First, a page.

Traditional with Trends House #2 Zoom

Traditional with Trends House #2

This gingerbread house kit may be traditional in architecture, but the icing techniques and colorful candy decorating adds trendy style and excitement to the designs. Decorate this house with the kids for a fun Christmas project, and to display on your holiday table.
Makes: 1
Skill Level: Intermediate


Make front door. Roll out candy and cut door. Attach to house. Use icing to outline door and attach candy for door decoration and doorknob.

Step 2

Make front windows. Roll out candy and cut into one oval for large window and one circle for smaller window. Attach to house. Use icing to pipe windowpanes, outline windows and pipe scrolls. Attach candy underneath windows. Roll three fondant balls into teardrops, cut candy in half and attach above door.

Step 3

Make side and back windows. Roll out candy and cut into three ovals. Attach to house for windows. Use icing to pipe windowpanes, outline windows and pipe scrolls. Attach candy underneath windows.

Step 4

Outline house. Use icing to pipe zigzags at corners of house and lines under eaves.

Step 5

Decorate roof. Use icing to pipe scrolls and c scrolls on roof. Attach candy. Make six bows: roll out fondant into strips, ½ in. x 3 in. Fold ends into center and pinch to secure. Cut small strips of fondant and wrap around center of bow. Place bows back to back and attach to roof peak. Attach candy to roof peak between bows. Attach candy to front roof eaves.

Step 6

Decorate base. Roll out fondant 1/16 in. thick, cut into 2 in. x 1 ¼ in. strip. Use spatula and icing to ice base. Attach fondant and candy for pathway.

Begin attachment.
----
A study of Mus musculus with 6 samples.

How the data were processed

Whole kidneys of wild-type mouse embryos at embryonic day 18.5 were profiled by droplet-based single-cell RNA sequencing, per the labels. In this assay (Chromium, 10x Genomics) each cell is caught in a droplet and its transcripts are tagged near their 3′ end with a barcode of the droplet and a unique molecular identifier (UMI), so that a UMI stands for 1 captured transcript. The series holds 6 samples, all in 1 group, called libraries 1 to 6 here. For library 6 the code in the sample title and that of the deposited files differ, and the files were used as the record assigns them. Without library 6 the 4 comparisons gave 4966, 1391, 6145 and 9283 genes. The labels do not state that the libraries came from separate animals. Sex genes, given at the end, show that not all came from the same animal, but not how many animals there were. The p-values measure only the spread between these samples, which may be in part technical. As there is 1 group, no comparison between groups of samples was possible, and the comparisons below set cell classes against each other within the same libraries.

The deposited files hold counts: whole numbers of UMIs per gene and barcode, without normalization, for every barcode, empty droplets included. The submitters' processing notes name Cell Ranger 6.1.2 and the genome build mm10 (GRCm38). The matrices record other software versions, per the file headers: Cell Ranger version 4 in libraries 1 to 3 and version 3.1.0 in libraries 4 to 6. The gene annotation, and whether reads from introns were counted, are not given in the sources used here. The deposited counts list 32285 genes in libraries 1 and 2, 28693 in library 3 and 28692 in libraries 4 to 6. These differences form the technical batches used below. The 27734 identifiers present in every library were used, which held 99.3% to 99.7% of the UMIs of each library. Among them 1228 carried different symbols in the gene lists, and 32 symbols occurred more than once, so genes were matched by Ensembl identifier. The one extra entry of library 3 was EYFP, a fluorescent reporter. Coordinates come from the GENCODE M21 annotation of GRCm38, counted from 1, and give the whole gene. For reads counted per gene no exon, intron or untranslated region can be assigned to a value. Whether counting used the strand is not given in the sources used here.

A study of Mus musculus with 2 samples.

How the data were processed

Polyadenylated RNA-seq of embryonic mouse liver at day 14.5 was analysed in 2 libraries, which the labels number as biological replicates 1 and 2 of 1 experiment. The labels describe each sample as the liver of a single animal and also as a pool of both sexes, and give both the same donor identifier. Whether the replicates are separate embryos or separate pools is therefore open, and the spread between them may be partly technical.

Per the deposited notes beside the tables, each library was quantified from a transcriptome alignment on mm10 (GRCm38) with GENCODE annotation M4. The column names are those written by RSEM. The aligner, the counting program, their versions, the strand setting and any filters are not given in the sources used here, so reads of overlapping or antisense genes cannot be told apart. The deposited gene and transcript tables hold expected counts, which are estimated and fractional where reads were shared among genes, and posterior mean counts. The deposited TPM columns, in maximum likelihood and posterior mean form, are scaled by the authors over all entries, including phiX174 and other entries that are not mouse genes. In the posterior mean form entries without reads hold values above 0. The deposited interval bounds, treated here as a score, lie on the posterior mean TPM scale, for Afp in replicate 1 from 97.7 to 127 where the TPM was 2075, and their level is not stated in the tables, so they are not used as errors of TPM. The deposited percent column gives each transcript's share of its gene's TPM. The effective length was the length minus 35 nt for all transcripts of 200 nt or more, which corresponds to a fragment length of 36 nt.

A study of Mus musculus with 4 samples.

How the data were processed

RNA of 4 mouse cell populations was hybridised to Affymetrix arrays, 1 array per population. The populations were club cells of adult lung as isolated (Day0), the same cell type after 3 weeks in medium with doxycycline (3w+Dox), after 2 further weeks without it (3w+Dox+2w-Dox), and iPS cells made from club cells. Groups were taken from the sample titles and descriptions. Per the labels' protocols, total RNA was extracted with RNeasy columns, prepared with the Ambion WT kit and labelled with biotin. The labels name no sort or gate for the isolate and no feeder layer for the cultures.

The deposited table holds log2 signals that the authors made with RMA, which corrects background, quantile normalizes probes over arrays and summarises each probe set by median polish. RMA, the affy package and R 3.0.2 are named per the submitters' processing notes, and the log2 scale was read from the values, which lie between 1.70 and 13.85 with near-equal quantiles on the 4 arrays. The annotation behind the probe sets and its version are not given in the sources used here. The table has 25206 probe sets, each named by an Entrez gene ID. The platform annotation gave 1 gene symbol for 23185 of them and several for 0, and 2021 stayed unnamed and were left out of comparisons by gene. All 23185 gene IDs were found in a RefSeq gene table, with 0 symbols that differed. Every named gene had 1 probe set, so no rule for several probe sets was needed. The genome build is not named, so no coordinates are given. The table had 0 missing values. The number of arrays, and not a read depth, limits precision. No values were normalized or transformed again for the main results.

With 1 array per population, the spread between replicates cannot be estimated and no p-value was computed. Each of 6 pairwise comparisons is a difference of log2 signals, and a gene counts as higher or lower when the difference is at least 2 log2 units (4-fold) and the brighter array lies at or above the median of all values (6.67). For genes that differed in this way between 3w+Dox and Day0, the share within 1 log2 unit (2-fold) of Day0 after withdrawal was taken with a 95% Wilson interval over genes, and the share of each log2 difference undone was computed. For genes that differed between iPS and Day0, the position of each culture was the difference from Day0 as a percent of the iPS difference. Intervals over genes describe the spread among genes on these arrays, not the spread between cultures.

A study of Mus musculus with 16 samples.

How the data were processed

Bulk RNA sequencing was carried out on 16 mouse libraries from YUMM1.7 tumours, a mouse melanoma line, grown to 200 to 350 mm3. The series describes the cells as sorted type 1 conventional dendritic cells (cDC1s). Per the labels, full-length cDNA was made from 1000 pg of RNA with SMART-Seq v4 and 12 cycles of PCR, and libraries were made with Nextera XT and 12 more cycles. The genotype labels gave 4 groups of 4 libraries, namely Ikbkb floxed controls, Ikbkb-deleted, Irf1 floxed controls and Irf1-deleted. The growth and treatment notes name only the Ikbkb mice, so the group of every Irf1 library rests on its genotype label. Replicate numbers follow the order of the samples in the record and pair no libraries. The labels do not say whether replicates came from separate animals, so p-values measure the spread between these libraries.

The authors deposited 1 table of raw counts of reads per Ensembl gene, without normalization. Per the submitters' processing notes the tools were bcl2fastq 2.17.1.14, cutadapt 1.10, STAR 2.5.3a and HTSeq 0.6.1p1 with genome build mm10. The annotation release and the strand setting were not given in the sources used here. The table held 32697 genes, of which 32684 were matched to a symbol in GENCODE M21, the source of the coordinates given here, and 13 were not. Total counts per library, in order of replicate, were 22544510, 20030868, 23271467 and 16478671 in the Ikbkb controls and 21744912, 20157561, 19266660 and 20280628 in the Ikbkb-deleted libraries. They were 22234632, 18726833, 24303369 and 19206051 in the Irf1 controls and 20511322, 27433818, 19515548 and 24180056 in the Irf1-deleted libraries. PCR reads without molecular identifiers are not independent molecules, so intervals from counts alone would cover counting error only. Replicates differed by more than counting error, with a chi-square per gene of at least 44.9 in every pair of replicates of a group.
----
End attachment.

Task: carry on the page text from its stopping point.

Easy-to-complete technique combines using a bag and tip to pipe icing dots and then using the blade of a spatula to pull out one edge. This technique can cover small and large areas with stunning results.

The Zigzag is a popular way to fill in outlined areas, perfect for ribbed sweater and cuff effects. You can also use tight zigzags to cover the entire side of your cake—they look great!

Characters or designs are often outlined first, then piped in with stars or zigzags. Outlines can also be used for facial features.

Combine outlines and curls into icing swirls to add an impressive look with minimal effort. Swirls are the perfect technique to cover large areas such as gingerbread house roofs and cake tops.

An iconic decorative symbol representing European royal coat of arms. The swirled shells of Fleur de Lis represent a stylized lily.

There's no need to have a plain gingerbread house roof if you have a spatula on hand. Many different textures can be created by using a spatula to make a look of fallen snow, shingles and stucco.

Discover how adding a simple icing technique--a “C “-motion to icing outlines will highlight your decorating with fun and flair.

The star tip creates the most celebrated, easily accomplished decorations! The pull-out star technique can be used for fun, furry creatures, or for textured hair for your cakes.

Perfect for classic borders or cloudlike decorations, dots are a versatile technique that can be piped in a range of sizes. The dot technique can be used as a simple border for cakes and cookies, as well as for icing cupcakes or piping meringues.

The drop string is traditionally used as decoration on the sides of the cake and is the basis of more ornate string work. Called a "drop" string because the line of piped icing is allowed to "drop" or fall, by itself, before reattaching it to your cake. Pipe a row of single strings or multiple strings in rows of two or three.

The bead shape makes impressive borders outlines and accents on letters and designs; also a cute trim on clothing and gingerbread houses. The basis for making piped hearts and figure piping.

Icicles capture the magical moment of snow falling and gracefully trailing down a winter cottage. Add this magical look effect to roof edges, windowsills and trees.